The “horse race” of presidential primary politics is officially underway, as we’re drawing nearer to the Iowa Caucus election date.
Within that horse race, a narrative of ideological differences between the top three candidates has encapsulated the media. Former Vice President Joe Biden, considered the centrist/moderate, is trying to fend off Sens. Bernie Sanders and Elizabeth Warren, who are depicted as leaning further to the left comparatively.
The reporting is sound in some ways, to be sure: where those three candidates stand on the ideological spectrum is not in dispute. However, there appears to be this false sense that Biden supporters are inherently against anything Sanders or Warren stand for, and vice versa.
While there are sharp divides over the candidates on policy, on principle, it appears as though that storyline is flawed. Indeed, a Morning Consult poll released this week shows a significant portion of Biden’s supporters would pick one of the candidates who is significantly further to the left of him as their second choice.
The poll found that Biden has a wide lead nationally at the moment against the other two, with 29 percent of Democratic-leaning voters saying they want him to be the presidential nominee for the party. Twenty-three percent say they back Sanders, while 14 percent are supporting Warren.
But the “second pick” poll is where things get interesting. Among Biden supporters, you would expect their next choice to be someone with a moderate streak to them. Instead, you see that 27 percent of Biden supporters would pick Sanders as their second choice, while 21 percent pick Warren.
This tracks with Morning Consult polling, which shows that Sanders supporters' second pick is Warren (and also, Sanders is the second choice among Biden supporters, as you might not predict) https://t.co/OGePWp1mMd pic.twitter.com/JPV9tktJiD
— Alex Kotch (@alexkotch) January 17, 2020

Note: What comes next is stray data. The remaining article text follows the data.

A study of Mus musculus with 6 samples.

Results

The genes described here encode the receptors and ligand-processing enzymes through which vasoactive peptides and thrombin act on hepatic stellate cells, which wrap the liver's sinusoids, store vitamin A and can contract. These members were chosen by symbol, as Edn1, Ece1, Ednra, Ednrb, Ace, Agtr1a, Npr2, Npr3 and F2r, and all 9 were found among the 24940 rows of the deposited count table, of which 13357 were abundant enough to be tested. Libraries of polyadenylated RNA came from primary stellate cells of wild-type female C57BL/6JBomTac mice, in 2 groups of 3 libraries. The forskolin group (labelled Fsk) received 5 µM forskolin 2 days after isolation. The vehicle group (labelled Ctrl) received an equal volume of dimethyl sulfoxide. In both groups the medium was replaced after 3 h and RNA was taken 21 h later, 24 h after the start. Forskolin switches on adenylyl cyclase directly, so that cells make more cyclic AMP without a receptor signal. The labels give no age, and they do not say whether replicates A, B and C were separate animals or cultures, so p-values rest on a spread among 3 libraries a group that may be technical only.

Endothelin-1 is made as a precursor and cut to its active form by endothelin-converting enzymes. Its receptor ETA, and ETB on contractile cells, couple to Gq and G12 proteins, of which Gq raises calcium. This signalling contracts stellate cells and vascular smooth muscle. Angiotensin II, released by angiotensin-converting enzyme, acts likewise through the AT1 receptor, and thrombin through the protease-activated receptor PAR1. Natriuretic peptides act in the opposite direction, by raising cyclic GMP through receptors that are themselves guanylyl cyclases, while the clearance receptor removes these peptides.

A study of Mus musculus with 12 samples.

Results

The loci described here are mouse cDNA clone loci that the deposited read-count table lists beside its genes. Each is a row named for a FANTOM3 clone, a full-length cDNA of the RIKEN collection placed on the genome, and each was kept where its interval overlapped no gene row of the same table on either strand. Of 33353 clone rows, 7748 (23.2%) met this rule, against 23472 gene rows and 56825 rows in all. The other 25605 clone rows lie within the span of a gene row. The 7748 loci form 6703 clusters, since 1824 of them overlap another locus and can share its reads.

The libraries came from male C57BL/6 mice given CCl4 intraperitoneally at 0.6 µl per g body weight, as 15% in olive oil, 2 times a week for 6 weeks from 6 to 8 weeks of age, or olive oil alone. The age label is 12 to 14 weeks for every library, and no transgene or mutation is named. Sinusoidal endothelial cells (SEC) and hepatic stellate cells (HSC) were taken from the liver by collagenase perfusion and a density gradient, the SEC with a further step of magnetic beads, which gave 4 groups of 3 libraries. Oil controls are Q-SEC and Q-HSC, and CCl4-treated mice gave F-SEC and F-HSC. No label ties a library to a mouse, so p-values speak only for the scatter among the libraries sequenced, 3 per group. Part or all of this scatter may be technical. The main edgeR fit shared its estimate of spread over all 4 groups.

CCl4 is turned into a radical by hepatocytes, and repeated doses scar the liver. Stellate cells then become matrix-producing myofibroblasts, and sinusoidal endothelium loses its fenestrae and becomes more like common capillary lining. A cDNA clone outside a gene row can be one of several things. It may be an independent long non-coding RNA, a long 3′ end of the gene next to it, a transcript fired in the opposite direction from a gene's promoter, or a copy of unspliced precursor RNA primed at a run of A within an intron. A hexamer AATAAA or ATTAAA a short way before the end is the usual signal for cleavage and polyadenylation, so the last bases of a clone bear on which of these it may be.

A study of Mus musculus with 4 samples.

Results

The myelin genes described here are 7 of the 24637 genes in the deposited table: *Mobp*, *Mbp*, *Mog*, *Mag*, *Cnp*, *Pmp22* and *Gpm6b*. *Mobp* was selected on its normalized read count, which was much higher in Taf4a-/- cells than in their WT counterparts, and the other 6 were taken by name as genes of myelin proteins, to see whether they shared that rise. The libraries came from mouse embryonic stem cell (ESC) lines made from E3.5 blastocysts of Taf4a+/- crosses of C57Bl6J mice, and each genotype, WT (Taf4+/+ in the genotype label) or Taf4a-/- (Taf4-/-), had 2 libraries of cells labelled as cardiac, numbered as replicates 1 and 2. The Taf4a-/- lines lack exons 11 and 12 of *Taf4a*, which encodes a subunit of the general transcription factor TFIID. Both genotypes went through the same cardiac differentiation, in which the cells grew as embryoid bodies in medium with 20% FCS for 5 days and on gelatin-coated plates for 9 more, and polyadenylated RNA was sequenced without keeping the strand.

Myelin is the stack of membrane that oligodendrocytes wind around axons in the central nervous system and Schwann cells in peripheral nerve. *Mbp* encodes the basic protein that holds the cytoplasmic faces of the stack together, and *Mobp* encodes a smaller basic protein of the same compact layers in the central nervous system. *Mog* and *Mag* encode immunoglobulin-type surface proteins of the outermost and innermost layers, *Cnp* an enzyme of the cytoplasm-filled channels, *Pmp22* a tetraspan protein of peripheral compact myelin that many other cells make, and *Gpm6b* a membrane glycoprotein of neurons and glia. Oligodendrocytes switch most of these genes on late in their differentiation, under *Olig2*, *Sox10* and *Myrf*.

In other words, 48 percent (nearly half) of Biden supporters say that, if they couldn’t have Biden, they’d rather have a candidate with significantly more progressive values as their second pick to lead the party in November.
The love is shared both ways, too. While 30 percent of Sanders’s supporters pick Warren as their second choice (going with what conventional wisdom would dictate), an almost equal amount, 28 percent, say that Biden would earn their vote if Sanders can’t win.
Among Warren supporters, 32 percent say they’d pick Sanders as their second choice, with 23 percent saying Biden would win their vote in the event she’s not an option.
So what does this all mean? While it’s important to report on the differences between the candidates, the supposed “infighting” between the members of the party — particularly, among the voters themselves — seems to be overhyped, to some degree.
All three of the top-tier candidates in the Democratic Party’s contested nomination race receive positive reviews from voters intending to take part in the primary elections this spring — Sanders and Biden both have 73 percent favorability ratings, while Warren gets a 64 percent favorability mark. None of the three garners an unfavorability rating, among Dem voters, greater than 21 percent, Morning Consult found.
In other words, voters within the Democratic primaries are probably going to rally behind and support whoever the nominee ends up being. The doom-and-gloom you might hear about on social media, that supporters of Candidate A won’t ever back Candidate B, isn’t being reflected in the polling data.
Concerns that a candidate isn’t progressive enough (or is “too far to the left”) to energize the base are also overblown — the current commander-in-chief is doing plenty to ensure voters will come out in droves come November.